Danish inventor facing murder charges

Danish inventor Peter Madsen will have his day in court, but, in the court of public opinion, he is in dire straits … and many are saying it’s well deserved.

Charges Against Madsen

According to multiple international news sources, Madsen will be charged with “murder” and “indecent interference with a human corpse” in the case of the death of journalist Kim Wall. Madsen was already being held on manslaughter charges, and now the new charges will be added to the growing list of horrific crimes for which he has been accused.

According to Danish authorities, Wall was last seen boarding a small submarine built by Madsen. There are other reports that an image of Wall has been found showing her standing in the submarine’s tower with Madsen on the day of her disappearance.

Sometime after that photo was taken, Danish police found part of a body, missing a head, that had washed up on an island near the Danish capital, Copenhagen. Investigators matched the body to Wall and, in further investigations, found blood matching Wall inside the submarine.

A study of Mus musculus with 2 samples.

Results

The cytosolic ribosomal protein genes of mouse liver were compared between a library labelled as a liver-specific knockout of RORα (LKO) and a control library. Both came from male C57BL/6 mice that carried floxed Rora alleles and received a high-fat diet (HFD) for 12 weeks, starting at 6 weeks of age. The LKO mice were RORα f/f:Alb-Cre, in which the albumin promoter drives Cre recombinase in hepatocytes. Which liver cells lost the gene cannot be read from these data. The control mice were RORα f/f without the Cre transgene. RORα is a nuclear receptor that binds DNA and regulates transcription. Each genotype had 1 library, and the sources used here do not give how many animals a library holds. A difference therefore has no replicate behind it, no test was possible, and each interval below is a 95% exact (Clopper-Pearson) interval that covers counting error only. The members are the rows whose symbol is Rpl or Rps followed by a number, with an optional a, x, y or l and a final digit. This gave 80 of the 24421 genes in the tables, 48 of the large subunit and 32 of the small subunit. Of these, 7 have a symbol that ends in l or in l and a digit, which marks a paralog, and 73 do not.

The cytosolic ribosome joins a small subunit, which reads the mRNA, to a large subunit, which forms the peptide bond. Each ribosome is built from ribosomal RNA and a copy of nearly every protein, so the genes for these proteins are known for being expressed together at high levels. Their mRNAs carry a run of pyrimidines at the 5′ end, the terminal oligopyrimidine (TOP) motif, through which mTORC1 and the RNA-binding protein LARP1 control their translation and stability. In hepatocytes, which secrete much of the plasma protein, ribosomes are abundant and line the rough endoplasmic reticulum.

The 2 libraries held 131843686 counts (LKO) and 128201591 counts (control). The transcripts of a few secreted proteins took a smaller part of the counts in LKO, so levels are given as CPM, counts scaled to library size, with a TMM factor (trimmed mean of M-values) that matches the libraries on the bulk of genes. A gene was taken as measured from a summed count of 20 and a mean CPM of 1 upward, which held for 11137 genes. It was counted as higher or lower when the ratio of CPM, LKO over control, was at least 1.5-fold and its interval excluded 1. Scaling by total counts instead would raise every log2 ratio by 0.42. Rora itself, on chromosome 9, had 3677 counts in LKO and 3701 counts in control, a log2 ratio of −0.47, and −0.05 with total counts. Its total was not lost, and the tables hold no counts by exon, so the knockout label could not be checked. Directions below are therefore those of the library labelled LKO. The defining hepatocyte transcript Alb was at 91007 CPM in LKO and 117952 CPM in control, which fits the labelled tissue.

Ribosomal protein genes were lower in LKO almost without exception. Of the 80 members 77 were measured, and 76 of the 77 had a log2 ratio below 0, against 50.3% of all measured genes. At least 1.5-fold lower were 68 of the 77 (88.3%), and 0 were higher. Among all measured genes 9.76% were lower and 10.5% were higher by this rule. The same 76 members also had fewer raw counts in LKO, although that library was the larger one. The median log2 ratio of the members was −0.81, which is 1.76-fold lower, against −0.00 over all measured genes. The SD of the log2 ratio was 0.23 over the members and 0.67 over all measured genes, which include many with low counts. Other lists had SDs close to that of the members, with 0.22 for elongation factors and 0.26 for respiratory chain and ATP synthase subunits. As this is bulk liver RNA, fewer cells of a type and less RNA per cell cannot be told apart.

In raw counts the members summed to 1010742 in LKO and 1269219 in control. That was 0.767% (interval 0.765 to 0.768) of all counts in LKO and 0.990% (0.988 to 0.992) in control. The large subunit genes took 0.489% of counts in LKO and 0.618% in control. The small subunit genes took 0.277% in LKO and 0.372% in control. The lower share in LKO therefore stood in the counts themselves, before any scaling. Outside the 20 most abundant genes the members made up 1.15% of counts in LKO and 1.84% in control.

Police said the part of the body found washed up on the island had been “punctured” and “weighted down” in order to make it sink easier.

Madsen Changes His Story

During his court hearing on the manslaughter charges, Madsen said Wall “died in an accident” and was buried at sea, somewhere in Koge Bay. This was a much different statement than the one Madsen made previously, in which he told authorities he had dropped Wall off on land and had not seen her since. During questioning, Madsen changed his story.

The entire case began when emergency responders found Madsen aboard the sinking submarine, rescuing him before the ship foundered. Wall was not aboard. Then, as now, Madsen denies any criminal wrongdoing.

But the combination of physical evidence and Madsen changing his story multiple times have placed considerable doubt on his version of events. If Wall really had died in an accident, people want to know, why didn’t he call that in immediately. And why not tell authorities when he had been rescued?

The fluctuating story is not playing well in the press either. Madsen is generally being spoke of as if he’s already been proven guilty, and people are using the changing stories and the apparent attempts to hide evidence as plenty of justification to pass judgment on him. Sure, he will have his day in court, but, unless things change dramatically, his reputation will be in crisis long before any verdict is read.